From a field in the fertile river bottom my mother and aunt gathered an abundant supply of corn. Near our tepee they spread a large canvas upon the grass, and dried their sweet corn in it. I was left to watch the corn, that nothing should disturb it. I played around it with dolls made of ears of corn. I braided their soft fine silk for hair, and gave them blankets as various as the scraps I found in my mother’s workbag.
There was a little stranger with a black-and-yellow-striped coat that used to come to the drying corn. It was a little ground squirrel, who was so fearless of me that he came to one corner of the canvas and carried away as much of the sweet corn as he could hold. I wanted very much to catch him and rub his pretty fur back, but my mother said he would be so frightened if I caught him that he would bite my fingers. So I was as content as he to keep the corn between us. Every morning he came for more corn. Some evenings I have seen him creeping about our grounds; and when I gave a sudden whoop of recognition he ran quickly out of sight.
When mother had dried all the corn she wished, then she sliced great pumpkins into thin rings; and these she doubled and linked together into long chains. She hung them on a pole that stretched between two forked posts. The wind and sun soon thoroughly dried the chains of pumpkin. Then she packed them away in a case of thick and stiff buckskin.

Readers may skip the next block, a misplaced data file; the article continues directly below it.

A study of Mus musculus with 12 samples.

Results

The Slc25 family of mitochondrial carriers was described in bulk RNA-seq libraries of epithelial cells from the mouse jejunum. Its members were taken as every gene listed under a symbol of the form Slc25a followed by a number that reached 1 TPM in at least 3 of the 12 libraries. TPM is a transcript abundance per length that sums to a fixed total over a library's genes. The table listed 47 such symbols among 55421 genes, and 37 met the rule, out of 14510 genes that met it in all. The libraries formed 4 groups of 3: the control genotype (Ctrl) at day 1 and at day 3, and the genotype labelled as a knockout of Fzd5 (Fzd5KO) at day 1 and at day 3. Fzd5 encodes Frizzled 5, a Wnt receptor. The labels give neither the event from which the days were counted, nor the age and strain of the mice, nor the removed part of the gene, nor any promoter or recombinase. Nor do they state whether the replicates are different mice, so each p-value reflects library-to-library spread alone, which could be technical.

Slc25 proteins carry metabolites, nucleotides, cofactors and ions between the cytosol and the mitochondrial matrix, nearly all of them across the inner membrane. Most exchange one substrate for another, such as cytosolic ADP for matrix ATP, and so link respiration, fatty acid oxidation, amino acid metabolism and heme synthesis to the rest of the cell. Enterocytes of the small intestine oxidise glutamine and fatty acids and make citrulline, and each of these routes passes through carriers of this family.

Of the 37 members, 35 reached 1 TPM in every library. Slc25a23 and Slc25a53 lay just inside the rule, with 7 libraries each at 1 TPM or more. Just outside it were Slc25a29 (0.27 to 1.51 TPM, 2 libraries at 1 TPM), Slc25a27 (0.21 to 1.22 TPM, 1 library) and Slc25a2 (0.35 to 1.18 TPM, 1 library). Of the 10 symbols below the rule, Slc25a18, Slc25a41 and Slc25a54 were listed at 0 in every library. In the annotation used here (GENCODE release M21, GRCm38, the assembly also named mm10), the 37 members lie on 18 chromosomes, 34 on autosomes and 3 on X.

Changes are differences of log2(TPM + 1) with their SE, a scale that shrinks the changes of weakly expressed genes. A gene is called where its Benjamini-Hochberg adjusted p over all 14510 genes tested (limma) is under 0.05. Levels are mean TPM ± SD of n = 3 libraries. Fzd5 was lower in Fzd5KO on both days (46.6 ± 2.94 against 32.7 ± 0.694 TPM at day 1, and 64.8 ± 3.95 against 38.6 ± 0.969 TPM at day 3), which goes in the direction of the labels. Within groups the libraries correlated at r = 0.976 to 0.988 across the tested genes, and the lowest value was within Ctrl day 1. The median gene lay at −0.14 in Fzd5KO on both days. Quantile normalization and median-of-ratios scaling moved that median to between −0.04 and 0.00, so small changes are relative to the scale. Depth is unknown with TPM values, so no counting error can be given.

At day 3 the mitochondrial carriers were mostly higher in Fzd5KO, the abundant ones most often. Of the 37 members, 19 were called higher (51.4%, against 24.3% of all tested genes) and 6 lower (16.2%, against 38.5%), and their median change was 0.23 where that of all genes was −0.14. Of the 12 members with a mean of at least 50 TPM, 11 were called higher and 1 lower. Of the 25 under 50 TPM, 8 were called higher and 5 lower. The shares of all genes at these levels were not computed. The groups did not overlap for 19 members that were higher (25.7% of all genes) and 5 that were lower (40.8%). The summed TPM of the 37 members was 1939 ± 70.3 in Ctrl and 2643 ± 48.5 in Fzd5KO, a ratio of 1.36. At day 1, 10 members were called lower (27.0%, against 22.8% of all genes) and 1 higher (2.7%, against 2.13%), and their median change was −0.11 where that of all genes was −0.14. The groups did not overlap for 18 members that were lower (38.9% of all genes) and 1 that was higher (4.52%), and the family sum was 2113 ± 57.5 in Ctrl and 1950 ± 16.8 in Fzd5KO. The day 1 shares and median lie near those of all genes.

In the sun and wind she also dried many wild fruits,—cherries, berries, and plums. But chiefest among my early recollections of autumn is that one of the corn drying and the ground squirrel.
I have few memories of winter days at this period of my life, though many of the summer. There is one only which I can recall.
Some missionaries gave me a little bag of marbles. They were all sizes and colors. Among them were some of colored glass. Walking with my mother to the river, on a late winter day, we found great chunks of ice piled all along the bank. The ice on the river was floating in huge pieces. As I stood beside one large block, I noticed for the first time the colors of the rainbow in the crystal ice. Immediately I thought of my glass marbles at home. With my bare fingers I tried to pick out some of the colors, for they seemed so near the surface. But my fingers began to sting with the intense cold, and I had to bite them hard to keep from crying.
From that day on, for many a moon, I believed that glass marbles had river ice inside of them.
The big red apples.
The first turning away from the easy, natural flow of my life occurred in an early spring. It was in my eighth year; in the month of March, I afterward learned. At this age I knew but one language, and that was my mother’s native tongue.